Business licenses and permits protect your customers and show them your business meets federal and state regulations. CorpNet can research and process an alcohol license for you, which helps you avoid penalties and keep your business in compliance.
Navigating Licensure Can Be Tricky
Whether you plan to open a restaurant that serves alcohol or a liquor store that sells it, you will need to get an alcohol license. Whenever you open a new business, you are typically required to obtain specific types of business licenses, depending on the sort of business you plan to operate, as part of the Business Licenses, Permits & Tax regulations that relate to your industry.
Federal and state laws require that you have an alcohol license in order to serve or sell it.
How Long Will it Take?
Depending on the process in your area, getting your permit to sell alcohol may take as long as a year, so it’s important to keep that in mind as you plan the launch of your business. You clearly can’t open a liquor store until you get that alcohol license, and opening your restaurant without being able to sell drinks might put a damper on sales and put your business off to a bad start.
What Will it Cost?
You might get lucky and only have to pay a few hundred dollars for your selling or serving alcohol license. But if you live in an area that restricts the number of alcohol permits it issues, you will pay much more. In this case, you may choose to buy an existing license from a business that is selling or closing down. You may also be able to bid on an alcohol license through your town government. Consult an attorney with a license and permit specialization for your best option.
Types of Alcohol Permits
Depending on the type of business you plan to open, you’ll need one of the following types of alcohol licenses. These vary by state.
- Tavern: if half or more of your sales are alcohol, but you also serve food
- Beer and Wine: for establishments only serving beer or wine
- Restaurant: each state has different requirements on the percent of sales of alcohol vs. food
- Club: requires membership to enter
- Brewpub: if you plan to brew your own beer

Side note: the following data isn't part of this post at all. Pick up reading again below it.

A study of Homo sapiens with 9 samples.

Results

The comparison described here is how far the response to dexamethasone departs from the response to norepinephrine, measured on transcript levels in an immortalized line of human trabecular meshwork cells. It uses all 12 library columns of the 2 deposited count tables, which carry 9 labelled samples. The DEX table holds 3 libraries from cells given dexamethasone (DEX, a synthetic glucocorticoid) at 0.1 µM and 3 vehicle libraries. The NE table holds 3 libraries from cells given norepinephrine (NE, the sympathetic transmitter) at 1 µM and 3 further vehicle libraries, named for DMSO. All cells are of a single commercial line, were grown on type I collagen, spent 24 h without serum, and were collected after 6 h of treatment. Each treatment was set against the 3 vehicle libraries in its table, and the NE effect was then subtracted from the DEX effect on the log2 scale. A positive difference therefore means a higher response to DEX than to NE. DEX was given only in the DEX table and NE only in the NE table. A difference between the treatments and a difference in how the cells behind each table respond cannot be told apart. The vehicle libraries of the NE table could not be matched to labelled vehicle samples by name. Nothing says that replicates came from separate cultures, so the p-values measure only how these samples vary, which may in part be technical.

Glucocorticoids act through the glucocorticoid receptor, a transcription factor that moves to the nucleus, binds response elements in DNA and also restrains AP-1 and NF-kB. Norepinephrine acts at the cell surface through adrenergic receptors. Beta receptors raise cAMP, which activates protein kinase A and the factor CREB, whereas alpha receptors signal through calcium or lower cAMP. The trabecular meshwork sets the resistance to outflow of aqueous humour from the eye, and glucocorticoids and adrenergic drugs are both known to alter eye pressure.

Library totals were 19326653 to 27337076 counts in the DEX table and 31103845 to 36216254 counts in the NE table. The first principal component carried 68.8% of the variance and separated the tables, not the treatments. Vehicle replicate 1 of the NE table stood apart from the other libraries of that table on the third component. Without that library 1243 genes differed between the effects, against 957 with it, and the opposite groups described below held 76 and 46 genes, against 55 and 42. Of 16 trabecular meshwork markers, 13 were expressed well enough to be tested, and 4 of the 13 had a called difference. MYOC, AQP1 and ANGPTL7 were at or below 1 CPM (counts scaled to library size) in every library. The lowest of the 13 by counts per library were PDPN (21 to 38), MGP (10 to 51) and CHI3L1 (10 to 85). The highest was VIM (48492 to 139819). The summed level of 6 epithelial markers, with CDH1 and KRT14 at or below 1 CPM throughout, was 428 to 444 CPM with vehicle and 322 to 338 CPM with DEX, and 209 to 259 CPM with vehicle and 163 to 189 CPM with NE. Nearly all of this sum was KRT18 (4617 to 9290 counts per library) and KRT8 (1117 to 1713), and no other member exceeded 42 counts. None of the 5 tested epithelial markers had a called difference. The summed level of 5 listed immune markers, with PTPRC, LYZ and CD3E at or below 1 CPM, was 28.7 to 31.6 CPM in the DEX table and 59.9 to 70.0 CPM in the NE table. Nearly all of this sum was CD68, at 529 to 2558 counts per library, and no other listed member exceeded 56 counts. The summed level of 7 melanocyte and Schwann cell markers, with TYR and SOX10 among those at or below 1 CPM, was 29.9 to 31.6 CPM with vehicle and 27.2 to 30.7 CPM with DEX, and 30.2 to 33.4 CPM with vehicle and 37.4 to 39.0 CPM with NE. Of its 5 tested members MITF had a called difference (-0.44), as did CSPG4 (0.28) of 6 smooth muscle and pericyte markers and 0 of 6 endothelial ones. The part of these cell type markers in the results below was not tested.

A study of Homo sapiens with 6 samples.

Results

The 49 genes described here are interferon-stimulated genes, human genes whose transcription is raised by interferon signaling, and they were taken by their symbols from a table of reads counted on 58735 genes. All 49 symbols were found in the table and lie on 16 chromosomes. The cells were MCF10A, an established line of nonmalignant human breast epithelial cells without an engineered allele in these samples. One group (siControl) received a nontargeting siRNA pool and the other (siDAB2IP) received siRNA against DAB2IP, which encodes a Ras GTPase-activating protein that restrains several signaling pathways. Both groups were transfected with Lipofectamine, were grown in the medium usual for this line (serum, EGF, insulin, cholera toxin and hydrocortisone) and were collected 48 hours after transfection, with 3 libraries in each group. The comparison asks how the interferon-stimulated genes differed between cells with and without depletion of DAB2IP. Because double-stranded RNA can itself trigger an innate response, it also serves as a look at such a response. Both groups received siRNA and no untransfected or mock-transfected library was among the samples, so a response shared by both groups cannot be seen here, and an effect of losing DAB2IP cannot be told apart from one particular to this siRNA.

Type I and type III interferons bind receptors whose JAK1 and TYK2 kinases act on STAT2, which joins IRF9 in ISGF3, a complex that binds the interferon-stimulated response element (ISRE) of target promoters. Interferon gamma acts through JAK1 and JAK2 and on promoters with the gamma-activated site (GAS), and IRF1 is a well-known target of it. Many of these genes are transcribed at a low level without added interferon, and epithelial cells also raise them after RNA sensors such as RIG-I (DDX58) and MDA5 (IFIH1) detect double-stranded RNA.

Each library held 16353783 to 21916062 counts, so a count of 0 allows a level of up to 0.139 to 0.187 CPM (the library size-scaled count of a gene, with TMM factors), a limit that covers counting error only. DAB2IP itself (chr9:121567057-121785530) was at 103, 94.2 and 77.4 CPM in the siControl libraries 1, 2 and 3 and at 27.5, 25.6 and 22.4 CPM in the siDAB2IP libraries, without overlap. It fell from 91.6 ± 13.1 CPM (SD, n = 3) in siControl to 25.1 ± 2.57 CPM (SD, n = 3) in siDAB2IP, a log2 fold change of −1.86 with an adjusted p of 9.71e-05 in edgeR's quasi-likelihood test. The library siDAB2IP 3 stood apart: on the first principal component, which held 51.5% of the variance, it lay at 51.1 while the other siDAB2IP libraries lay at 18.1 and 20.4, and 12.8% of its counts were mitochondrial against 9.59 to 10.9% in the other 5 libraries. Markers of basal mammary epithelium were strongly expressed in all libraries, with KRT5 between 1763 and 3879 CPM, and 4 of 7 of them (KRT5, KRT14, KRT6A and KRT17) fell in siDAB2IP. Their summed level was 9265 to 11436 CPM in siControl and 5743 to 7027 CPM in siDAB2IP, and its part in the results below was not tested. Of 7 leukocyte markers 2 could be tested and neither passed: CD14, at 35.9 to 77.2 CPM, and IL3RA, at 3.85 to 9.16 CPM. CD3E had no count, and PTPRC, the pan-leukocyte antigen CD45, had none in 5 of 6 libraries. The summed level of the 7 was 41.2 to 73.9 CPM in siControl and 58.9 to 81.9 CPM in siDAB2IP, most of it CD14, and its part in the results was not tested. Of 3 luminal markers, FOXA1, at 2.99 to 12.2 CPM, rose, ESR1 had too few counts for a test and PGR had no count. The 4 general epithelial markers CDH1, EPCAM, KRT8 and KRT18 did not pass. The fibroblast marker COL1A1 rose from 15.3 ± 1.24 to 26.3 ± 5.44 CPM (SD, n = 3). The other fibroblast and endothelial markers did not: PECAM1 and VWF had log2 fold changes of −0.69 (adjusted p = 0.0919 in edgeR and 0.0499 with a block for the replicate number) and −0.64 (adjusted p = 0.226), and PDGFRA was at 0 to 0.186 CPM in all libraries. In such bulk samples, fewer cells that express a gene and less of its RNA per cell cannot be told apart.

- Eating Place: strict restriction on serving; may allow carryout beer
For Liquor Stores or Grocery Stores Selling Liquor and Restaurants (examples from Wisconsin alcohol licenses)
- Class A: permit you to sell any type of liquor or wine to be consumed off-premises.
- Class B: allow you to sell fermented malt beverages (beer) to be consumed on or off-premises.
- Class C: allow you to sell wine to be consumed only on the premises, as well as carry out a single unopened bottle if purchased with a meal.
- Temporary Class B licenses: (picnic licenses) permit beer or wine sales at temporary events like fairs and festivals.
Before you will be approved for your alcohol-serving license, your state Liquor Licensing and Compliance organization will inspect your facilities to ensure they meet the requirements for the alcohol permits they issue. They will also check in periodically to ensure there are no violations. A violation might include selling alcohol you do not have a permit to sell or selling to underage youth. A violation may result in you receiving a warning, or it can be as serious as shutting your business down if you receive numerous violations.
Before you open your restaurant or bar, make sure you have the appropriate license and permit to serve alcohol or sell it.
We'll Help You Discover Which Licenses and Permits You Need
Being licensed by the agency shows your customers that you meet federal and state regulations for safety, cleanliness, and honesty, which helps them trust your business.